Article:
Day 36: June 5th, 2010

The Breakfast Club

The Ultimate Teen Flick?

A group of kids are sent to detention on a Saturday for various reasons. They are all different, from the nerd, the jock, the rebel, the princess and the weirdo. These kids manage to find out things about each other and themselves while serving detention.

Even though I was born in 1987, two years after the film was released, I can relate to it. That's what makes The Breakfast Club so damn good, kids generations later can still relate to the characters and their problems. John Hughes is the one person in the film industry who got what teenagers desired, were scared of and felt. The man was/is a legend and the 80's belonged to him. The Breakfast Club is one of my favourites from him. Planes, Trains and Automobiles still takes the top spot, but The Breakfast Club has more of an emotional connection to the viewer.

The cast, also known as the Brat Pack, do a wonderful job filling in their high school clichéd roles. Emilio Estevez , the mighty duck man I swear to god, plays the jock. He has an intense and emotional scene that felt like an anthem for millions of teens going through the same problems. The same goes for the other characters, all have problems in their lives that every other teenager can relate to. Whether it's Judd Nelson and his abusive father or Michael Anthony Hall and the pressure to do well in school.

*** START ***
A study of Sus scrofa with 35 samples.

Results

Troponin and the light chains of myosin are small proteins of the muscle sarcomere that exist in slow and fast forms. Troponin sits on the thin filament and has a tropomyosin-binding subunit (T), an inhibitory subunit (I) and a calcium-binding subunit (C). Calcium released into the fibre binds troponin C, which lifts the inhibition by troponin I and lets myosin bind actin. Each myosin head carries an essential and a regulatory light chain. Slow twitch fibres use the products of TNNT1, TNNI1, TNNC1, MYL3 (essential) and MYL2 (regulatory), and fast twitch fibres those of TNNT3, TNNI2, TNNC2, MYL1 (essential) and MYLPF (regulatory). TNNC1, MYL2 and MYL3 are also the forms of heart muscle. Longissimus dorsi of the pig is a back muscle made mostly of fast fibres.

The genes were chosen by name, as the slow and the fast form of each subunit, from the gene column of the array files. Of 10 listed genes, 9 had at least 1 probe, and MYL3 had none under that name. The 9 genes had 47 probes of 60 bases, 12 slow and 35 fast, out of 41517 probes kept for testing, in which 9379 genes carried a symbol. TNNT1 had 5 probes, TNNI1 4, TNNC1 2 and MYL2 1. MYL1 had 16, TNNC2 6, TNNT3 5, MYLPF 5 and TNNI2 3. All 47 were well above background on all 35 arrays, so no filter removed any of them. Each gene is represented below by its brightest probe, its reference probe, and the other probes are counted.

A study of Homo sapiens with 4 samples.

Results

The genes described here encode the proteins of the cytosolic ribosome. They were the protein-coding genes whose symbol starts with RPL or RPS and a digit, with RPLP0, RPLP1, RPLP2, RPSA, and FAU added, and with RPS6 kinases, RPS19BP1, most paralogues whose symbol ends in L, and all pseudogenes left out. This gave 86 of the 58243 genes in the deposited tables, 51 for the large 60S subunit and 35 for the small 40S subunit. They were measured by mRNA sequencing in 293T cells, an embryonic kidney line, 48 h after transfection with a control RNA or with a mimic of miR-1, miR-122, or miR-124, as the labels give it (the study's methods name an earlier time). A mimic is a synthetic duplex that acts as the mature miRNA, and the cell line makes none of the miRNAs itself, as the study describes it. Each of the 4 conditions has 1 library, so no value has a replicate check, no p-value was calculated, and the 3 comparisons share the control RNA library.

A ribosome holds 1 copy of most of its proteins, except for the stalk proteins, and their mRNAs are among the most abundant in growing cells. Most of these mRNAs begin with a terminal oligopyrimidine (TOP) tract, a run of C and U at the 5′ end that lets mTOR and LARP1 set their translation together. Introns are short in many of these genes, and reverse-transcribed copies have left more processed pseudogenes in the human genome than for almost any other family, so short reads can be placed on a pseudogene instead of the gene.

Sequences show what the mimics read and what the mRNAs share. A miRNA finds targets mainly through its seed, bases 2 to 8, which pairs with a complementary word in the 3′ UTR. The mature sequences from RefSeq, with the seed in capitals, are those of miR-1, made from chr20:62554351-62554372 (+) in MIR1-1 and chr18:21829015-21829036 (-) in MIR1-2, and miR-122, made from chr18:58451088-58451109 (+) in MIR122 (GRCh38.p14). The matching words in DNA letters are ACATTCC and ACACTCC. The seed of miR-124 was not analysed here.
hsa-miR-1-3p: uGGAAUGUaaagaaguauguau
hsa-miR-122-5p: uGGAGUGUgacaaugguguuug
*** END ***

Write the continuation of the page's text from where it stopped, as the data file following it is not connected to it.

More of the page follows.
Paul Gleason is wonderfully evil as the principal who seems to have a hate for these kids. His speeches are great to listen to and he nails the role. His performance is my favourite the in the film. Look out for that John Hughes cameo at the end as the kids are picked up from detention. That's a little something extra for you folks at home that dig that kind of stuff.

The music rocks, the theme is still played today and is immediately associated with the film. There are many memorable scenes, too many to mention and the overall feel of the film has numerous re-watch capabilities. When people think of John Hughes, the one film I think that they will immediately go to is The Breakfast Club. Not only was it the film the teenagers of the 80's could relate to, but it's a film that will live on and touch the hearts of many others. It's funny, depressing and emotionally challenges you. It doesn't treat you like an idiot, Hughes knew his audience and treated the kids with the intelligence he knew they had.